The Remarkable Evolution Of Catherine O’Hara

Schitt’s Creek is certainly Catherine O’Hara’s best-known role to date, but if you only know the hysterical actor because of this show, then you are missing out. Yes, her role as the flamboyant queen of elaborate enunciations and monochrome fashions, Moira Rose, won her the wider recognition she deserves, resulting in the 2020 Emmy for Outstanding Lead Actress in a Comedy Series. But that is only the latest character in the career of someone who has been creating hilarious personas since the 1970s.

In the sweet sitcom Schitt’s Creek, which ended its six-season run in April 2020, O’Hara plays the matriarch of the Roses, the riches-to-rags family who loses their entire fortune, except for the tiny eponymous village where they are now forced to live. Moira’s husband Johnny is played by O’Hara’s long-time collaborator Eugene Levy, who co-created the series with his real-life son Dan Levy. Dan and Annie Murphy play the adult Rose children, David and Alexis, as the family tries to adjust to their new small town life.

Let’s take a brief look at the many roles and collaborations that led up to O’Hara’s work as Moira.

Catherine O'Hara's comedic beginnings

You may be surprised to learn that Catherine O’Hara is a veteran of comedy, working steadily in television and movies since the 1970s with some of the genre’s greatest practitioners. She became friends with the late, great Gilda Radner while Radner and O’Hara’s brother were dating. O’Hara followed Radner’s footsteps and auditioned for The Second City improv company in her hometown of Toronto, Ont., where she was ultimately hired as Radner’s understudy. “I basically imitated her for months,” O’Hara told The New Yorker. There, she also worked with comedy greats, such as Dan Aykroyd, Martin Short, John Candy, Andrea Martin, and Rick Moranis. It was also where she first met her future co-star, Eugene Levy.

O’Hara is still influenced by those early collaborators and experiences. One of the characters she created for SCTV, the sketch series she and her Second City colleagues created in 1976, was Lola Heatherton, her version of a Las Vegas performer. “Everybody had a Vegas character except me,” she told The New Yorker. Lola seems to have influenced the creation of Moira Rose, too. “I didn’t have many recurring characters, but I think I probably did Lola more than any others,” O’Hara said. “Really, I’m still doing it on Schitt’s Creek as Moira.”

O’Hara is grateful to have her humor, some of which she learned from her family. “I think everyone is born with humor,” she said, “but your life can beat it out of you, sadly, or you can be lucky enough to grow up in it.” Thankfully, O’Hara eventually took her comedic talents from stage to screen.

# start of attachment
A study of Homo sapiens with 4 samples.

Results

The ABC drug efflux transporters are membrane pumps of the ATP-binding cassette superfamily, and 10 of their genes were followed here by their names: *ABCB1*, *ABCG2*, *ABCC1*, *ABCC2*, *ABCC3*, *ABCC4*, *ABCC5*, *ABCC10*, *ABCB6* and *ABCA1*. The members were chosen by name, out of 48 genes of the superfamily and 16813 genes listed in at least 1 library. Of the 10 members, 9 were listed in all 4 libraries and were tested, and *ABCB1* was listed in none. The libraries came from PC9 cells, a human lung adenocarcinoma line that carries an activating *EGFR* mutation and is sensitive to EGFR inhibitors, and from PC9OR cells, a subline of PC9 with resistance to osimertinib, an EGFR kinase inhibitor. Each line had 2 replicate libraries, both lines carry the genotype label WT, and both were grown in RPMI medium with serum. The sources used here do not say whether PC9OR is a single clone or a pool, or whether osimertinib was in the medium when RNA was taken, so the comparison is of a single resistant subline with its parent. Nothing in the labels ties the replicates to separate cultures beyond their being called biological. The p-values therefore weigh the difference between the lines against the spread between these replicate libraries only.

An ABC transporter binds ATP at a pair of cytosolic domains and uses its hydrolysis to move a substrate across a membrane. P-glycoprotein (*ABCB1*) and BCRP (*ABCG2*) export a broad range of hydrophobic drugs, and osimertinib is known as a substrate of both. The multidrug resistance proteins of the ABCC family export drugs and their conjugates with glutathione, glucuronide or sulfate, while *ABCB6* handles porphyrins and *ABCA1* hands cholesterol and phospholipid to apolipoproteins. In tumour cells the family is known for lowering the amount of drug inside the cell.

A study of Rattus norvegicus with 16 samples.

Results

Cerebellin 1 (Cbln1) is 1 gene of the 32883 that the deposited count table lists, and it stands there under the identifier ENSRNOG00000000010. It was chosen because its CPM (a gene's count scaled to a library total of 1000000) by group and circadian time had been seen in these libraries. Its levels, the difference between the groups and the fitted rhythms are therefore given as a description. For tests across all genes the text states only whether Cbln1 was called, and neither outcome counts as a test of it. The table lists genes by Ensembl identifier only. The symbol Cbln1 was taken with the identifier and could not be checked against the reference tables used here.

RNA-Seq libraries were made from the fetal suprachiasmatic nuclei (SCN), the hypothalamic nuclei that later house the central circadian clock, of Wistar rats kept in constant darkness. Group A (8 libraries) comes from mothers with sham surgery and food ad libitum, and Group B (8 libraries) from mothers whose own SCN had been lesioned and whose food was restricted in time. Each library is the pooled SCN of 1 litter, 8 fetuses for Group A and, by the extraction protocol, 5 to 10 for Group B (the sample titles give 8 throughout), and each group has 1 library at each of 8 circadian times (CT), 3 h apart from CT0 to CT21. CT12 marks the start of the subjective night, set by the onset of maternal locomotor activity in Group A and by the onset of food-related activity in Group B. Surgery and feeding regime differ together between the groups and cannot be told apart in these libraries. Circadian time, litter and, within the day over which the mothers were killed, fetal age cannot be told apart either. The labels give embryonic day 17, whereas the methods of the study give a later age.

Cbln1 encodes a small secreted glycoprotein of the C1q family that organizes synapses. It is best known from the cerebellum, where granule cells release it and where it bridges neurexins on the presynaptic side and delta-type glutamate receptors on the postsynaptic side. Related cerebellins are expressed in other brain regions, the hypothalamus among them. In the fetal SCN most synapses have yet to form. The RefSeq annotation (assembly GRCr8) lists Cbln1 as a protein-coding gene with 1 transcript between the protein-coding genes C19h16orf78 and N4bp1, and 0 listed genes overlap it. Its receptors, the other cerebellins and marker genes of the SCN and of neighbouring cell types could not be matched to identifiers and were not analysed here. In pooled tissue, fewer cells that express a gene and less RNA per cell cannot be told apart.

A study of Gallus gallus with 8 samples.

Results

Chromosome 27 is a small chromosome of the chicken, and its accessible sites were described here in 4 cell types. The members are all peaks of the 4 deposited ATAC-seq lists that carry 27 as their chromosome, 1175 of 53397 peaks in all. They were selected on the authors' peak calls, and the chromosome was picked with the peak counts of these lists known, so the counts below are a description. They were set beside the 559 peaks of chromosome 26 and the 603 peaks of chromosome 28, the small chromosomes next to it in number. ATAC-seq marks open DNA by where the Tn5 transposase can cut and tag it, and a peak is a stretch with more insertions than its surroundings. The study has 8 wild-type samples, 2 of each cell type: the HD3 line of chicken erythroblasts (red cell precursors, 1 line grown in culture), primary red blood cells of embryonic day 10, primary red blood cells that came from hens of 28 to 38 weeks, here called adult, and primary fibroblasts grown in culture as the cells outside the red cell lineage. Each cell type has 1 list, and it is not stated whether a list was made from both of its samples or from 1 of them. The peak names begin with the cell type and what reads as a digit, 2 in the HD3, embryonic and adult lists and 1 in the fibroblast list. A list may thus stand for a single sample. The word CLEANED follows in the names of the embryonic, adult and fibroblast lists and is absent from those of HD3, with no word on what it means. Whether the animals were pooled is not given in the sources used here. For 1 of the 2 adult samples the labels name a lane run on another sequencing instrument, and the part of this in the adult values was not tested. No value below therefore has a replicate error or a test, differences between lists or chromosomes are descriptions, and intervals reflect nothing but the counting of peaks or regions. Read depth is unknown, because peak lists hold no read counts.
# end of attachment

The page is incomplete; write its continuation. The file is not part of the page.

Catherine O'Hara's transition to Hollywood

Like many character actors, Catherine O’Hara was rarely in the spotlight, but she enjoyed a rich and varied career playing many recognizable side roles. She was perhaps best known for playing Macaulay Culkin’s mother in 1990’s Christmas blockbuster Home Alone. When she got the role of Delia Deetz in Tim Burton’s 1988 film Beetlejuice, she fell in love with the film’s production designer, Bo Welch, whom she later married. She collaborated with Burton again in 1994, supplying the voice for Sally in another holiday classic, The Nightmare Before Christmas.

O’Hara and Eugene Levy worked with Christopher Guest in four of his highly improvised mockumentary-style films, playing romantically involved couples in two of them: Best in Show and A Mighty Wind. So naturally, when Levy and his son Dan started working on Schitt’s Creek, O’Hara was the natural choice to play the family matriarch. “I like knowing when people know each other and have a history,” O’Hara told BuzzFeed. “That comes across on screen. I think it’s fun for people to see. It is for me.”

It is even more glorious that the breakout role of Moira came along when the actor was in her 60s. “I’ve been able to do this show where I get to play this ridiculous but lovely character,” she told the Los Angeles Times. “And to have stories that weren’t just about death, divorce and disease, which are pretty much the story lines for people past a certain age.” She also appreciates Moira’s wonderful wigs and exquisite wardrobe, as she told Vanity Fair: “How many older women get to wear short dresses or skirts? I did, as Moira.”